Venus will sink into the evening twilight during the first few days of June, but it will then provide a rare treat when it moves between us and the sun. Saturn will fade into the sun’s afterglow in the middle of the month, and Mars will be low at dusk and at its dimmest. That will leave Jupiter to dominate the western sky.

June 1-2: Look for Venus very low and right of west at 8:30 p.m. (All times are given for the Lewiston-Auburn area.) With 7-by-50 binoculars, it should be easy to observe the crescent shape of Venus, which will be quite slender.

The last time it was possible to observe a transit of Venus, when the planet is directly between the earth and the sun, was in 1882. We should try for it this time. However, looking directly at the sun without a proper filter will cause painless and permanent damage to your eyesight, so don’t do it. ( Sunglasses, overexposed film or similar darkening items are NOT safe.) If you project an image of the sun onto a screen, then a filter is not necessary. More information is available at many Web sites including http://sunearth.gsfc.nasa.gov/sunearthday.

June 8: The transit, which begins at 1 a.m. (EDT), will be more than half over as the sun rises about 5 a.m. Venus will be visible in silhouette as a black dot in the lower right part of the sun’s face. This “extra sun spot” will reach the sun’s edge at 7 a.m., and Venus will clear the sun at 7:25.

June 11-20: We will have skies unbothered by moonlight when twilight ends about 10 p.m. (New moon is on the 17th.) This will give us an opportunity to enjoy crisp views of a lovely star cluster using 7-by-50 binoculars. The tail of Leo is marked by a triangle of stars, and it will be above Jupiter, by far the brightest “star” in the sky. The star cluster, called Coma Berenices, will be located above the Lion’s tail.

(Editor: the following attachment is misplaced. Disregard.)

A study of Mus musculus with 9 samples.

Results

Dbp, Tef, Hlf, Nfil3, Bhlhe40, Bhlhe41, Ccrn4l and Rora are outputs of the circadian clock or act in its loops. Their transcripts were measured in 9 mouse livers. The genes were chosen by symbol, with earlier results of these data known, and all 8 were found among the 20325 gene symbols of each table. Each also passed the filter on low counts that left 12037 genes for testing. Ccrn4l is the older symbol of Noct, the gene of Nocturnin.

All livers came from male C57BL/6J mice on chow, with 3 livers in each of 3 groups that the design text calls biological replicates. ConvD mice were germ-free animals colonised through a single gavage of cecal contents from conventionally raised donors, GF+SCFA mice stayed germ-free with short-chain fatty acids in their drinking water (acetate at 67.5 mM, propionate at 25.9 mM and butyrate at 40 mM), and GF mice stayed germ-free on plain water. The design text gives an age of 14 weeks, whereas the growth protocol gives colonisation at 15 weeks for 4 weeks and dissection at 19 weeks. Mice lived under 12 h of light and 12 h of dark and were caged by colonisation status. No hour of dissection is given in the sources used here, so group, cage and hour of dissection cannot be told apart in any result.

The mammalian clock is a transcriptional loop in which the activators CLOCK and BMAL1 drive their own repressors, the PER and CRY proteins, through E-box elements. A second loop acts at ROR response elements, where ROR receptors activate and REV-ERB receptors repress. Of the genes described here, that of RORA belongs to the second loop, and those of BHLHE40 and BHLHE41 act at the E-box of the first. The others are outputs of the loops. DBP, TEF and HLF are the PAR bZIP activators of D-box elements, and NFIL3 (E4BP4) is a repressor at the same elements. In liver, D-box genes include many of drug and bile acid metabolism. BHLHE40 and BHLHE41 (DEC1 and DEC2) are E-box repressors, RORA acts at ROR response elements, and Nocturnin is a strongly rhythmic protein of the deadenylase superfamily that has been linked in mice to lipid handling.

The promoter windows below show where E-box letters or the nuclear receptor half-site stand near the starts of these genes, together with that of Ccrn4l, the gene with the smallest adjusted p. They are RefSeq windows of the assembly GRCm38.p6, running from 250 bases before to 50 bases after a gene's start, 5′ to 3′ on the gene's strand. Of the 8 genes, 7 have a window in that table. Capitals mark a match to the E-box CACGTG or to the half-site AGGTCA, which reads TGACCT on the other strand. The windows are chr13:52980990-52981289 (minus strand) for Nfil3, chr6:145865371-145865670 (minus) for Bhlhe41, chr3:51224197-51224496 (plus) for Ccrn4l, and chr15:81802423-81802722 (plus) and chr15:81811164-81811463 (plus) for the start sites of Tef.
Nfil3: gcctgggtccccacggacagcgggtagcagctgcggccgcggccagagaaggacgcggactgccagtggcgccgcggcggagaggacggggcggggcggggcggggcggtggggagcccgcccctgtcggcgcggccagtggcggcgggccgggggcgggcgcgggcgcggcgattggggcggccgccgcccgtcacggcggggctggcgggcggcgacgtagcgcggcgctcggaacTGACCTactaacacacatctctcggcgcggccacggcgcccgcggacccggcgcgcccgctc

June 20: Our summer solstice will occur at 8:57 p.m., giving us the shortest night of the year. This will also be the most northerly sun, and it will heat the atmosphere like crazy. We will have to endure another long hot summer.

June 19: At dusk, a very slender crescent will feature Pollux just one finger to its upper right and Mars half a hand to its left. The following evening, Mars will be more than half a hand below and right of the thin crescent.

June 23: Brilliant Jupiter will sit just one finger below and left of the moon, and they will be bright enough to show in twilight. With Saturn too low now for a decent image, Jupiter will be the best target for telescope viewing this month.

We have plenty of players in the sky show this month, with stars, planets and the moon. And as Venus is changing from “evening star” to “morning star,” it will produce an embarrassing black zit on the face of the sun.

Roger Ptak is professor emeritus of physics and astronomy at Bowling Green State University in Ohio and author of the popular astronomy book “Sky Stories.” He and his wife now live in Northport. His e-mail address is dptak//fermi.bgsu.edu/~ptak/star/star.html.